Surviving half term is child's play
THREE days in and two to go. The hell that is half-term refuses to end.
Just when you have got into the swing of sending the wee monsters off to be cared for by a professional, the teachers declare "enough is enough" and dump them back on you for a week. Outrageous.
What is needed is a radical plan which doesn't involve you having to take a week off work (or away from the equally important task of doing exactly what you feel like if you are usually based at home) to mind your offspring. Some of the ideas below come too late to be employed this half-term. Feel free to treat them as your cut-out-and-keep guide to avoiding trauma next time round.
Some of what follows might seem harsh on the small people who share your home and drain your bank balance. But be bold, be brave. Half-term is no time for half measures.
They will then have a short night's sleep plagued with awful dreams.
True, your night's rest will be fitful, too, due to the many knocks at your bedroom door accompanied by small persons' sobs of, "I'm too scared to sleep!"
But it will be worth it.
Set the alarm for the usual school get-up time and when it goes off drag them from their beds with a cry of "you're going to be late for the bus!".
Then bundle them out of the door having half-eaten a Weetabix.
They will hang around the bus stop for half an hour and then – having been warned on many occasions "the next time you miss the bus you are walking to school" off they will trudge.
By the time they have stomped there and back, half a day should be gone.
Obviously this works best if your children actually usually to catch the bus to school. But they should be sufficiently dopey after two hours' sleep to believe anything.
Alternatively, you might have to move house to put you into free-bus range to make this one work. It'll be worth the effort for the next half-term.
TUESDAY AND WEDNESDAY
This also requires forward planning. You will need a couple of sheets of their school's headed note paper.
If you can't persuade/ bribe/ con a teacher into giving you a few, make your own by photo copying a heading from an old letter on to a blank sheet.
Then simply write your offspring a letter outlining a large-scale project that must been completed during half-term, and sign it as if sent from his/ her/ their tutor or tutors.
As long as the subject is geography or geology or nature or in general, and must be completed in an environmentally friendly fashion, I leave the rest up to you.
ideally it should involve the collect of data or samples in far-flung locations – shells from the beach, lichen from rocks on Dartmoor, that kind of thing.
And, in keeping with that spirit of sustainability, the tour of the coast and moor must be completed by bicycle.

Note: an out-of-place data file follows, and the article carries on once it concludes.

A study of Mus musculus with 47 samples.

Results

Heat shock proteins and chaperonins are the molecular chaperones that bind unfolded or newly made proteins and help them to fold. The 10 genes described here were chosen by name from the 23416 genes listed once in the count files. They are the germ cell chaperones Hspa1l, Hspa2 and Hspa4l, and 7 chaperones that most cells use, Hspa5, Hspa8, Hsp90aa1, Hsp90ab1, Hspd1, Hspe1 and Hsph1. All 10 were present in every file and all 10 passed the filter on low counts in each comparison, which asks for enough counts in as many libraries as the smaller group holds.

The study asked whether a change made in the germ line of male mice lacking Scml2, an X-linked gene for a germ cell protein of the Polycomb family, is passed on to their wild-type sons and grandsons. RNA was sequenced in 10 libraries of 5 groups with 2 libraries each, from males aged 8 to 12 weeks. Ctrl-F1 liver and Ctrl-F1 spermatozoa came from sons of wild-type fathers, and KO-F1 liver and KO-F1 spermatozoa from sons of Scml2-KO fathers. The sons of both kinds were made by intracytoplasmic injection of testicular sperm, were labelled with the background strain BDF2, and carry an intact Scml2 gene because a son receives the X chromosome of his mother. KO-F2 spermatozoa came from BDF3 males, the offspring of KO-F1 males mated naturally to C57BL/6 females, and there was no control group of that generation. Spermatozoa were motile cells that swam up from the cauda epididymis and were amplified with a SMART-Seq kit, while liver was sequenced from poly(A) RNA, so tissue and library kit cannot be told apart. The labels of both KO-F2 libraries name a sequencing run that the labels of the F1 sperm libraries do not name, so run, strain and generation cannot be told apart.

You might want to allow them a tent and a sleeping bag to reduce some of the travelling to and fro.
Today they should be physically tired and a little subdued after two days' hard core field work and long-distance pedalling.
They need some downtime. What's more relaxing than home cooking?
To cook they need ingredients – and they need to find them.
It's the autumn (or spring or summer if you have kept this guide for future reference) and what better time than the autumn (or spring or summer) to go foraging.
Let them gather all the nuts, berries, herbs and mushrooms that they can find in the fields, hedgerows and woods. Admittedly this is more of a challenge if you live in the middle of Stonehouse. But there's always the parks and their bikes – and the Cremyll Ferry.
You will have had another bad night's sleep after being up until the early hours dealing with a vomiting, diarrhoea-struck child or two.
Think of it as a valuable lesson along the lines of, "how many times have I told you NEVER to pick and eat any nuts, seeds, berries, leaves or mushrooms without showing me first?"
It is extremely unlikely that they will have the energy to protest that it was you who sent them out foraging. If they can muster the strength to complain, deny all knowledge and remind them of the hallucinatory properties of wild fungi – they obviously imagined they'd been dispatched to feed themselves.
There are two possible outcomes.
If they are still throwing up they will require hospitalisation. This has the benefit of giving you a break for a day or two, but you might have to argue your case with social services about it all being a terrible accident.
The ideal scenario is that they are simple subdued (or possible mildly tranquillised – oh, the wonders of Mother Nature's pantry) and can be left to sleep the effects off for day.
This also gives you the option of taking a day off work to care for your sick child or children – and demonstrating what a caring parent you are.